The bomb dump at
Once the night came and filled in and expanded the shadows the base lights were about all you could see. Sometimes during the monsoon, the little blue taxiway lights were all you could see in front of you. I remember staring at these lights thinking that if anything got between me and lights I would know it when the light went out. It was a blue fiber of hope that I staked my entire existence on for hours at a time.
I always felt uncomfortable standing inside the little wooden shelter, surrounded on three sides by sandbags stacked hip high, so I often lay in the tall grass about ten yards behind the guard shack. The low advantage silhouetted the shack against what little light there was in the sky and from the base. I would be able to see “them” before “they” saw me I assured myself.
One evening shift, just about an hour after full darkness, I began to relax and stare straight out toward the base. I often sang Righteous Brother songs out loud, without fear of being heard, to pass the time. Then I would take a break and light a cigarette, squatting down inside the shack surrounding to light up and prevent anyone from zeroing in on me. The old superstition of “three on a match” was placed in my head by old British movies I used to watch!
Pulling the comforting smoke deep inside my lungs, I leaned over on the shelf that crossed at the back of the shack and thought of home. I watched the little blue lights, and drew in another deep draw from cupped hands, and exhaled. At times the anxiety of being thousands of miles from home, in a strange land, and in a war zone, gave way to the solace of being alone with my thoughts.
Suddenly it dawned on me that one of the little blue lights had gone out. Strange I thought for about a second, and then it hit me that there must be something between me and the fence. “Got a light buddy!”
“Son of bitch,” I shouted!
An unseen dog in the darkness lunged at me, growling, barking, pulling its leash taunt, and attempting to get at me over the top of the sandbags! The shock of his voice and the angry dog drove me backwards as I groped for my M-16, and I struggled to regain my balance. It then came to me that this was the local K-9 handler.
Again I greeted him with “You son of a bitch! Don’t ever walk up on me like that!”
“Oh, sorry man, I just needed a light for my cigarette.”
I nervously reached into my pocket for my lighter, but when I came up over the sandbags and held it out toward the Airman, the dog lunged again! “Grrrrrr!”
“Get the fuck out’ta here man!” I motioned aggressively with my M-16, almost pointing it at him. He did not say another word, just stomped off into the tall grass and back toward the fence line.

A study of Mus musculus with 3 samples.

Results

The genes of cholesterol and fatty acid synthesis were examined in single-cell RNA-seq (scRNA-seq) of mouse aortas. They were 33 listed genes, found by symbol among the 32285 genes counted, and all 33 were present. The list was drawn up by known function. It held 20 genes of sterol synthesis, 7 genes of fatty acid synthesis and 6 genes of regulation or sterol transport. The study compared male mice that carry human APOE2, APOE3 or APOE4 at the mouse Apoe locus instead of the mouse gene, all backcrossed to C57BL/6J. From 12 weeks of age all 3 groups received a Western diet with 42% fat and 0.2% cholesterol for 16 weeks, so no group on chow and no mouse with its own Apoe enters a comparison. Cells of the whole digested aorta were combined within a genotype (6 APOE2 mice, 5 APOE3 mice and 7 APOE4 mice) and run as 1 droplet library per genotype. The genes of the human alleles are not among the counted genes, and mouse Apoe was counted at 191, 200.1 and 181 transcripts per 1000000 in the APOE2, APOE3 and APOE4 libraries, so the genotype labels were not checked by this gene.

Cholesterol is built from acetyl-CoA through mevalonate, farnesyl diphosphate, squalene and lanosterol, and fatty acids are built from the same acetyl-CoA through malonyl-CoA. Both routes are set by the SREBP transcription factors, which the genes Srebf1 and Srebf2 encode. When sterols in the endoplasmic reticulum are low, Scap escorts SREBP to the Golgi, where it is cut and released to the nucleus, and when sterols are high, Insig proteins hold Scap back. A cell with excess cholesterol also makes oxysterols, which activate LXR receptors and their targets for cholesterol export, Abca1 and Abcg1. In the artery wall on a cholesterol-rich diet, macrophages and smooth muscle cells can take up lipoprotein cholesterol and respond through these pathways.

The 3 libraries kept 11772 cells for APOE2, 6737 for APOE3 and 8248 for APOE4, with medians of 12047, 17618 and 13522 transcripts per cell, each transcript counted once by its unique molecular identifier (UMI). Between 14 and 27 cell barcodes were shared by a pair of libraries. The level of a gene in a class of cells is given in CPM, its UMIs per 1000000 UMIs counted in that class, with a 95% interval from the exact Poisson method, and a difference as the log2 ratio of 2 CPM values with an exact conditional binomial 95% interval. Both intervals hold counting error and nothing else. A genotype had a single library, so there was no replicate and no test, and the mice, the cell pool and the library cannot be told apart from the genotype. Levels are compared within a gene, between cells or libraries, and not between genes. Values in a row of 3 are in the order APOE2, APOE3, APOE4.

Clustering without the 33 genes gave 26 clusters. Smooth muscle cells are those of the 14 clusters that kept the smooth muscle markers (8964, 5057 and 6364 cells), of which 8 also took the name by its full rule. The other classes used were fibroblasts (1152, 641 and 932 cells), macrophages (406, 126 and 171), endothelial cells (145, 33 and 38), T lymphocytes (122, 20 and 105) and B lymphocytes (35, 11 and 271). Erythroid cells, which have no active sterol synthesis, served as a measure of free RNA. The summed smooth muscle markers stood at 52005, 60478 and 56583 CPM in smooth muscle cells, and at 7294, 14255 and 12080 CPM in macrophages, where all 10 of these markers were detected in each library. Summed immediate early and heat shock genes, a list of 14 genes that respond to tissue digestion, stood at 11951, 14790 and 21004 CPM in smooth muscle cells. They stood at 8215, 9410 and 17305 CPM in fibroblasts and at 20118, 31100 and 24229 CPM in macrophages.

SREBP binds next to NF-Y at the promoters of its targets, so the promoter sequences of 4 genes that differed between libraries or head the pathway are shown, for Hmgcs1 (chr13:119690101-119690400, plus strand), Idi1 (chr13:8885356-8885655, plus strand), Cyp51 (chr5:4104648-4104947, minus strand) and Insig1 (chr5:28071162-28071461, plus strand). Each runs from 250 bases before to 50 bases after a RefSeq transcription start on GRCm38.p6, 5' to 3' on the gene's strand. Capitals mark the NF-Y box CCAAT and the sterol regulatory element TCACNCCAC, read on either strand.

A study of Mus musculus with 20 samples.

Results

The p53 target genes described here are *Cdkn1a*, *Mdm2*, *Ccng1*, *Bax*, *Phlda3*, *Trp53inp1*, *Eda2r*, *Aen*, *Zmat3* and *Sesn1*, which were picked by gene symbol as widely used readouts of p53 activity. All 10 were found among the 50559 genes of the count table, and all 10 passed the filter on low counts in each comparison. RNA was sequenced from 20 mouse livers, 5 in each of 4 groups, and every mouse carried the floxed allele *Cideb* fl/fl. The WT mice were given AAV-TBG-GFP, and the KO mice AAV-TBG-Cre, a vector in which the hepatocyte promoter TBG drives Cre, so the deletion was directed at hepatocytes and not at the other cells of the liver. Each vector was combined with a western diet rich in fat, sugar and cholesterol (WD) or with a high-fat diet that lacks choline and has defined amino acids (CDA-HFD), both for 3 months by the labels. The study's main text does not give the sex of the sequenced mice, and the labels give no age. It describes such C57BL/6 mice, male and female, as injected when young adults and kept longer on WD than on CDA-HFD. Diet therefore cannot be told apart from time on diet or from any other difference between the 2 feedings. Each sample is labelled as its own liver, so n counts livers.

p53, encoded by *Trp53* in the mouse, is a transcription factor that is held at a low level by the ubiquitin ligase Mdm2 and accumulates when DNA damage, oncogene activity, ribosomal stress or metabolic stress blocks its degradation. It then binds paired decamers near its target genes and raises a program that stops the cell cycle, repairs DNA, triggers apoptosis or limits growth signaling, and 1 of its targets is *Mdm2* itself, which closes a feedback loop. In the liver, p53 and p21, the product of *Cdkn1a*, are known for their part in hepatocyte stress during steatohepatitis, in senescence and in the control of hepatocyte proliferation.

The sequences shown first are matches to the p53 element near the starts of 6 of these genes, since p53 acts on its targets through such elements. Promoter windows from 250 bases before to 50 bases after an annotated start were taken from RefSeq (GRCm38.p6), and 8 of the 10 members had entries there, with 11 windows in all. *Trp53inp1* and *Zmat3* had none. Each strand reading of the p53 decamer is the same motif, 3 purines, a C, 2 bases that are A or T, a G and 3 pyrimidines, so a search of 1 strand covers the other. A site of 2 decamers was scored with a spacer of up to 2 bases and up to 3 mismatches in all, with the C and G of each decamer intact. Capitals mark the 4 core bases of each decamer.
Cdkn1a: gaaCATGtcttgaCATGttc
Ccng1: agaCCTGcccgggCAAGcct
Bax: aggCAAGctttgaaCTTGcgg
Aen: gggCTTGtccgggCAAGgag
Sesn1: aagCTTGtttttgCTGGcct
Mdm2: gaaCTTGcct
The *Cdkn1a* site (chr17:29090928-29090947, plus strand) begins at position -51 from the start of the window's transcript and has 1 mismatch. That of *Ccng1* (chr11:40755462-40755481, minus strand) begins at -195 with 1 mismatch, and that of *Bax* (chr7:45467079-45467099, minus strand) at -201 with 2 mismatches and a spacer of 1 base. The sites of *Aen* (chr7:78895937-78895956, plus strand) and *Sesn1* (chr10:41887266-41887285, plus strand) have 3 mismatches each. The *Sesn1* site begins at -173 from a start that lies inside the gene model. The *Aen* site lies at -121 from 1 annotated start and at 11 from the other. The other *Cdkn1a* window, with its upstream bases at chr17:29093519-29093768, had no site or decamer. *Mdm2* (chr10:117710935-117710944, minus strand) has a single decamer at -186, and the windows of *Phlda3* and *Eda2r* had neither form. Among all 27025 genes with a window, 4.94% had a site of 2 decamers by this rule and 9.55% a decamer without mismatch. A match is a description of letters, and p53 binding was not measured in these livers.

My heart pounded for minutes after he left and I could not relax the rest of the shift, expecting him to return, or the dog to grab me at any moment. I was no longer looking for VC. I was looking for that damn dog!
A few days later, I pulled Area Patrol duty, where I usually rode in the back of the Kaiser Jeep, ready to grab the mounted M-60. I always felt like I was on “The Rat Patrol,” a TV series back in the 60’s, and pictured myself firing the heavy weapon as the jeep rose and became airborne over a sand dune! However, the duty was not that glamorous…mostly helping SPs fill there cup with cold coffee from the stainless thermos that was strapped to the rear of the vehicle.
We also would ride around with several post’s C-Rations on the manifold in order to provide them with a hot meal! At first some exploded, before we learned to put a tiny hold in the cans using our P-38s.
[The photo at right is a self-portrait I made on this post. Note the light green coffee cup…it hung on this ammo pouch for the full year of my tour, never being washed, outside a quick swirl of coffee before filling the cup. The coffee was rarely warmer than air temperature and had a crunch from the sand that got into everything.]
It was during an Area Patrol shift just a few days after the dog incident that our little Jeep pierced the darkness of the bomb dump with its headlights. We rounded one of the high dirt berms and the lights fell upon the K-9 troop that had visited me days earlier. His dog just sat there, ears alert, red tongue out panting, looking at the bright lights excitedly, but not making any attempt to awaken his handler.
Finally, the dog decided he had better do something so he barked and scared the K-9 troop awake. He looked in our direction, made a move toward his weapon, that lay beside him in the grass, but then he relaxed, seeming to understand the situation.
“Damn dog,” he shouted and jerked hard on the leash. What else could he do – he had been caught asleep on post!
I only felt sorry for the dog that took a hard slap across the top of the head. It was not the dog’s fault at all.
Luckily for the Airman, the staff sergeant with us decided it was not his place to discipline the K-9 troop that was not in his outfit. I guess he figured that if this Airman was that secure, or stupid, he would be caught sooner or later by his own superiors.